Easter is more than bunnies and eggs!

Easter is a religious holiday celebrated around the world during the last week of Lent in honor of the resurrection of Jesus Christ from the dead. The day is preceded by Maundy Thursday (Holy Thursday) and Good Friday, and subsequently followed by Eastertide (the Easter Season) that concludes with Pentecost Sunday.

While religious in nature, there are a number of more secular symbols that, like Christmas, are widely recognized by even non-religious people. The most iconic of the symbols are, of course, the Easter Bunny and Easter Eggs. In the most common of celebrations in the western world, a giant rabbit hides a number of colourful eggs that children (and perhaps also the “young at heart”) attempt to find.

Today we take a look at some unique Easter celebrations from around the world.

Florence, Italy

Italians in Florence celebrate a tradition known as the “Scoppio del Carro” which takes place in the heart of the city’s historic center, the piazza in front of the renowned Basilica di Santa Maria del Fiore (also known simply as the Duomo). The tradition began after a failed coup to overthrow the Medici family by the Pazzi. An oxen-drawn cart is led through the square along with a clergy procession, leaving a trail of smoke via a mechanical dove sitting on an attached wire. At the end, firecrackers are ignited and banners are flown.

Horseshoe Bay, Bermuda

What better way to explain to your schoolchildren the ascension of Christ than with a visual representation? According to the story, the tradition of flying kites on Good Friday in Bermuda was started thusly. Handmade kites of various dimensions are released high into the sky, adding color and a nice metaphor for a holiday celebrating rebirth.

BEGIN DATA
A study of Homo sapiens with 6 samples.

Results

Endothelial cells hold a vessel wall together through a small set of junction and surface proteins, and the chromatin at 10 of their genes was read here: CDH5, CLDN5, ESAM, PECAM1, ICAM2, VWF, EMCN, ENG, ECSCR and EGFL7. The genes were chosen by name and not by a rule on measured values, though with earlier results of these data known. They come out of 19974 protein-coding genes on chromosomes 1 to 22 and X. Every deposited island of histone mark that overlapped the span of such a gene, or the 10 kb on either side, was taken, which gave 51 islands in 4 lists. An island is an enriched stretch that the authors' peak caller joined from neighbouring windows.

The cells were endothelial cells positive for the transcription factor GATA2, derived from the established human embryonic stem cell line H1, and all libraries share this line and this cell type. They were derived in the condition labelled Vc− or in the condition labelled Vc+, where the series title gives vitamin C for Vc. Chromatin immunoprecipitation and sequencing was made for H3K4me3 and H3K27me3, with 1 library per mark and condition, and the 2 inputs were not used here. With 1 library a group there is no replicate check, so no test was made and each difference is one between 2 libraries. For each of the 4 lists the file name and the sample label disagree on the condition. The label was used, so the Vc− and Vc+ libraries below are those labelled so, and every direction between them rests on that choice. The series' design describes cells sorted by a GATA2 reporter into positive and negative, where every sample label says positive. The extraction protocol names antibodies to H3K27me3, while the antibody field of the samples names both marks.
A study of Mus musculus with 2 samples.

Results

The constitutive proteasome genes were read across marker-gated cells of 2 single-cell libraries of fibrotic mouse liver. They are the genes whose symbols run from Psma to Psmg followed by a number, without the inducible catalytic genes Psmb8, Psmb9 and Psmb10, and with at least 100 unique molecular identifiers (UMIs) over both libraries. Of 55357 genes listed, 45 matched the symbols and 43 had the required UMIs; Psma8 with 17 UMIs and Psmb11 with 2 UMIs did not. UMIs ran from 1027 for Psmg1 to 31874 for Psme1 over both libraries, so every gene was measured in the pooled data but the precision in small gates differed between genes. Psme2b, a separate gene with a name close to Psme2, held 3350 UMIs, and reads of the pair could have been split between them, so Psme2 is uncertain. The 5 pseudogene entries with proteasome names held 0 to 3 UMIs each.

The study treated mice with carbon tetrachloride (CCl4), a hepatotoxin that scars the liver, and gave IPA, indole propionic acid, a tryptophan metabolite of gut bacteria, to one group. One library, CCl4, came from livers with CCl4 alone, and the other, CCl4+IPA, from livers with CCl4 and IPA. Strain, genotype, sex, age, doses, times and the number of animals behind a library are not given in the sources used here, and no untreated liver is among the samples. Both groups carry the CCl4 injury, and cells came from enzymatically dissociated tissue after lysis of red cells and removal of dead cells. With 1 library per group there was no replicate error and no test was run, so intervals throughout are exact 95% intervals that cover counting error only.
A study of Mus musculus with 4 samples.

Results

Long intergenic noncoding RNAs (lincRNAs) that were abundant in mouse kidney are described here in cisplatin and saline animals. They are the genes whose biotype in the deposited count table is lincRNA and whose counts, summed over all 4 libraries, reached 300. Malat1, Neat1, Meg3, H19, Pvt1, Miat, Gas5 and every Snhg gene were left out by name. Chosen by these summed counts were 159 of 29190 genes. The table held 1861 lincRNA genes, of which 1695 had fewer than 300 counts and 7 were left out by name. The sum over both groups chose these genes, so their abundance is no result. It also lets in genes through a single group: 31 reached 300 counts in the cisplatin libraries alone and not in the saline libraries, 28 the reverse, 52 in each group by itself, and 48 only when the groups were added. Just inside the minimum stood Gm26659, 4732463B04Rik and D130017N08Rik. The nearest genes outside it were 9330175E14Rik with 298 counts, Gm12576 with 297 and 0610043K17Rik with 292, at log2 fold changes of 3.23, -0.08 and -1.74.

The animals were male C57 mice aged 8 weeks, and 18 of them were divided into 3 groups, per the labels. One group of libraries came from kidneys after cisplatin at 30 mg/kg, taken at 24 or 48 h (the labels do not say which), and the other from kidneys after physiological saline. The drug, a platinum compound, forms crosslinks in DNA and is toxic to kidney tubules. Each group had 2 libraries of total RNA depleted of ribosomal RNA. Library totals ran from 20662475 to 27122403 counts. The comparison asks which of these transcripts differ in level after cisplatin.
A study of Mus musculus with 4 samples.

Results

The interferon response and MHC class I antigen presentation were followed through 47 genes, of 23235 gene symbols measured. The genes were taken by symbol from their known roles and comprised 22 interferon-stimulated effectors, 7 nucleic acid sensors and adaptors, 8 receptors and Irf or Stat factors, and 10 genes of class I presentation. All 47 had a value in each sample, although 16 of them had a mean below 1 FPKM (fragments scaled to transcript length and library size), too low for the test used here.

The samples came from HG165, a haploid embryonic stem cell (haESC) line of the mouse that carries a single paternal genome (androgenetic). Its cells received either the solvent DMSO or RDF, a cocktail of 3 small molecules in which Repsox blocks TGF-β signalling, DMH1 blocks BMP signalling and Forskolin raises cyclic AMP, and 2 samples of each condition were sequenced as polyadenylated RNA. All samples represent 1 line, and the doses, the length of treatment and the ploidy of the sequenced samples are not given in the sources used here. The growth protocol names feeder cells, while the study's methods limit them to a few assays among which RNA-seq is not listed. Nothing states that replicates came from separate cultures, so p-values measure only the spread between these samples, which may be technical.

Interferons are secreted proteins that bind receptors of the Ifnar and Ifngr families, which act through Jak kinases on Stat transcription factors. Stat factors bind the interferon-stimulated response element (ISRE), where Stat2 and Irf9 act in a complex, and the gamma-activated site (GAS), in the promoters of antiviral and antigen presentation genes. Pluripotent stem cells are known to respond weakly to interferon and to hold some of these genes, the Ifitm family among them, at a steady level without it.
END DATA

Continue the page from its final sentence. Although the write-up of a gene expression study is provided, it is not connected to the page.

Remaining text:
Helsinki, Finland

Finnish children take to the streets with soot-covered faces, scarves, broomsticks and willow twigs. Little Easter witches chase away evil spirits as they go door to door, but the service comes with a fee. “A twig for you, a treat for me!” is the common phrase, and the little spirit cleaners are rewarded with a little something sweet. And, at night, all the day’s wanderers return home in hopes of some Pasha, a traditional pudding made of sweet cheese, eggs, cream and seasonings.

Haux, France

Stay away from Haux on Easter Monday if you’re not a fan of eggs; the southern French town is known to serve up a giant omelet in the town’s main square. Using approximately 4,500 eggs, the dish is capable of serving up to 1,000 people. No word yet on how the local chicken population feels about this.

Corfu, Greece

Watch your heads. The tradition of “Pot Throwing” is a literal hit on the Greek island of Corfu. Who can imagine a more smashing Holy Saturday endeavor? The practice supposedly symbolizes the arrival of new crops and, thus, new pots. Others suspect the tradition originates from the Venetian practice of tossing old items out of windows during New Year’s Day.

How does your city celebrate Easter? Let us know on our Facebook pageand be sure to “like” TELC English for more articles about culture and celebrations from around the world!